Walmart is launching a technology-startup incubator — called Store No. 8 — in Silicon Valley to focus on revamping its retail experience with new innovations like virtual reality, autonomous vehicles, drone delivery and personalized shopping. The retailer is hoping that move, which e-commerce CEO Mark Lore announced Monday at the ShopTalk conference in Las Vegas, will give the company a competitive edge over Amazon.

Why it matters: Store No. 8 is the latest for Walmart in its hot e-commerce streak. In the last two months alone, Walmart has bought three online retailers — ModCloth, ShoeBuy, and Moosejaw — to help diversify its online presence. And Lore, whose Jet.com store Walmart bought last year for $3 billion, has been spearheading the growth.


Speaker Nancy Pelosi (D-Calif.) told CNN on Tuesday she would "absolutely" be willing to forego the House's August recess to reach a deal for another relief package to help the country battle the health and economic crises caused by the coronavirus.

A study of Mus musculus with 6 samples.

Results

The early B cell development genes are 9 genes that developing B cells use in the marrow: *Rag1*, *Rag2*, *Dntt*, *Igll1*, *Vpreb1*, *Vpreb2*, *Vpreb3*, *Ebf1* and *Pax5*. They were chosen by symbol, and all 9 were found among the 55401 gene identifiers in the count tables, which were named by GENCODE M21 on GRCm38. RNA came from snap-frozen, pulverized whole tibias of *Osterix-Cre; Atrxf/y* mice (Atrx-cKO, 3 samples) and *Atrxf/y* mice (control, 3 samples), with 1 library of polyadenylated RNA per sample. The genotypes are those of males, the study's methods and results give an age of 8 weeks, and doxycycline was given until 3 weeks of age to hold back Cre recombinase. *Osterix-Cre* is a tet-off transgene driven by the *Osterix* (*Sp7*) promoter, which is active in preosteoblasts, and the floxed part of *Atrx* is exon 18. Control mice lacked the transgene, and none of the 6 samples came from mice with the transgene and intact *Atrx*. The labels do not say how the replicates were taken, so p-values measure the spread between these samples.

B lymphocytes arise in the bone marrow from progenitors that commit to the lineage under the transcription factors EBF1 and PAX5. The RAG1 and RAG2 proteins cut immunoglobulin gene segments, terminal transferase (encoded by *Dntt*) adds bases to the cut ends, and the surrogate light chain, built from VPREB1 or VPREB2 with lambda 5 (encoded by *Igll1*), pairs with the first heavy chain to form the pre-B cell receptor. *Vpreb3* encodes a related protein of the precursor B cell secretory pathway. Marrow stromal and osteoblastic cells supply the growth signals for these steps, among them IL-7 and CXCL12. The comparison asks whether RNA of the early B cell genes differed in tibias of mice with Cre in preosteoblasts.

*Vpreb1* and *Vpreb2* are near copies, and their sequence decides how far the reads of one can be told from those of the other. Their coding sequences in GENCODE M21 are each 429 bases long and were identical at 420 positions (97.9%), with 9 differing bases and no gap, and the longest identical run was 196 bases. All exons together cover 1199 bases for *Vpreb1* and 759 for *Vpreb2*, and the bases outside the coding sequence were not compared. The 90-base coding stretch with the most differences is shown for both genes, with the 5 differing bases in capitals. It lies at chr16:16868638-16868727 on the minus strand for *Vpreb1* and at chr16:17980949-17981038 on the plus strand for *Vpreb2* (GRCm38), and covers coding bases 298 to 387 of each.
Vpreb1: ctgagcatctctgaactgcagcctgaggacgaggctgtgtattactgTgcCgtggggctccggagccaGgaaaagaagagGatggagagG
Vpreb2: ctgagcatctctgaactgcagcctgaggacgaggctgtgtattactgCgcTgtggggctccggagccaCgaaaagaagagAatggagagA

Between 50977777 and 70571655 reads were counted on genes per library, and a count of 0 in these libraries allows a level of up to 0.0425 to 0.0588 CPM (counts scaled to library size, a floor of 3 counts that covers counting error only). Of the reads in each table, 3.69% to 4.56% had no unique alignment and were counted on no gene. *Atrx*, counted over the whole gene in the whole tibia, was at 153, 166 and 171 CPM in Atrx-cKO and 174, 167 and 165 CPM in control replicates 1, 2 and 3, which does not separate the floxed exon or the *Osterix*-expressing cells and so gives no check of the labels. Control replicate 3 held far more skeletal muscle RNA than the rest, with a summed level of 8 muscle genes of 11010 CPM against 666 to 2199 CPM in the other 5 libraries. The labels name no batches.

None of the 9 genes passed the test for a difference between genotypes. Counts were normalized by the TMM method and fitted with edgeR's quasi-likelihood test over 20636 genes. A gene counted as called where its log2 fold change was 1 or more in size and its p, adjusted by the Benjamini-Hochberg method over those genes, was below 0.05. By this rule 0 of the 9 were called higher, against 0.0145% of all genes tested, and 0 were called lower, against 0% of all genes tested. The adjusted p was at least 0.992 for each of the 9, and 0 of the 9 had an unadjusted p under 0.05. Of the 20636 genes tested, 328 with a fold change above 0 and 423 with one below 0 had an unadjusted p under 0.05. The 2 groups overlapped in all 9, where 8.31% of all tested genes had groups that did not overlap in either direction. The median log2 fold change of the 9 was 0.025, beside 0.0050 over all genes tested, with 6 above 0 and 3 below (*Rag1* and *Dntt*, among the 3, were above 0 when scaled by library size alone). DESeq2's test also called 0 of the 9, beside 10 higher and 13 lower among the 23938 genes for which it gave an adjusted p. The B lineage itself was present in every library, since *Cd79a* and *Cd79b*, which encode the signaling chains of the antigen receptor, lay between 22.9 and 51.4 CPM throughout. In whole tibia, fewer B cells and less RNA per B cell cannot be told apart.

The big picture: Pelosi indicated the package would earmark money for coronavirus testing and contact tracing, as well as assistance for state and local governments whose budgets are in dire financial straits due to revenue shortfalls caused by the recession.


Photo: Julian Simmonds/WPA Pool/Getty Images

One country was easily the best-prepared in the world to respond quickly to and mitigate the spread of an epidemic, according to the 2019 Global Health Security Index: Great Britain.

Reality check: When the coronavirus struck, the U.K. had arguably one of the least effective responses among rich countries, despite decades of preparation for just such an event. Its death toll ranks behind only the U.S. and Brazil.

Competitors ready to pounce on TikTok bans

Illustration: Aïda Amer/Axios

Growing security and privacy concerns over Chinese-owned short-video app TikTok have given a lift to alternatives like Byte and Dubsmash, which have seen spikes in downloads from smartphone users recently, according to data from SensorTower.

Why it matters: If TikTok's meteoric rise in popularity among U.S. youth gets slowed by rising tensions with China, or ended by a threatened ban by the Trump administration, American teens will still have to get their hits of meme-laden video somewhere.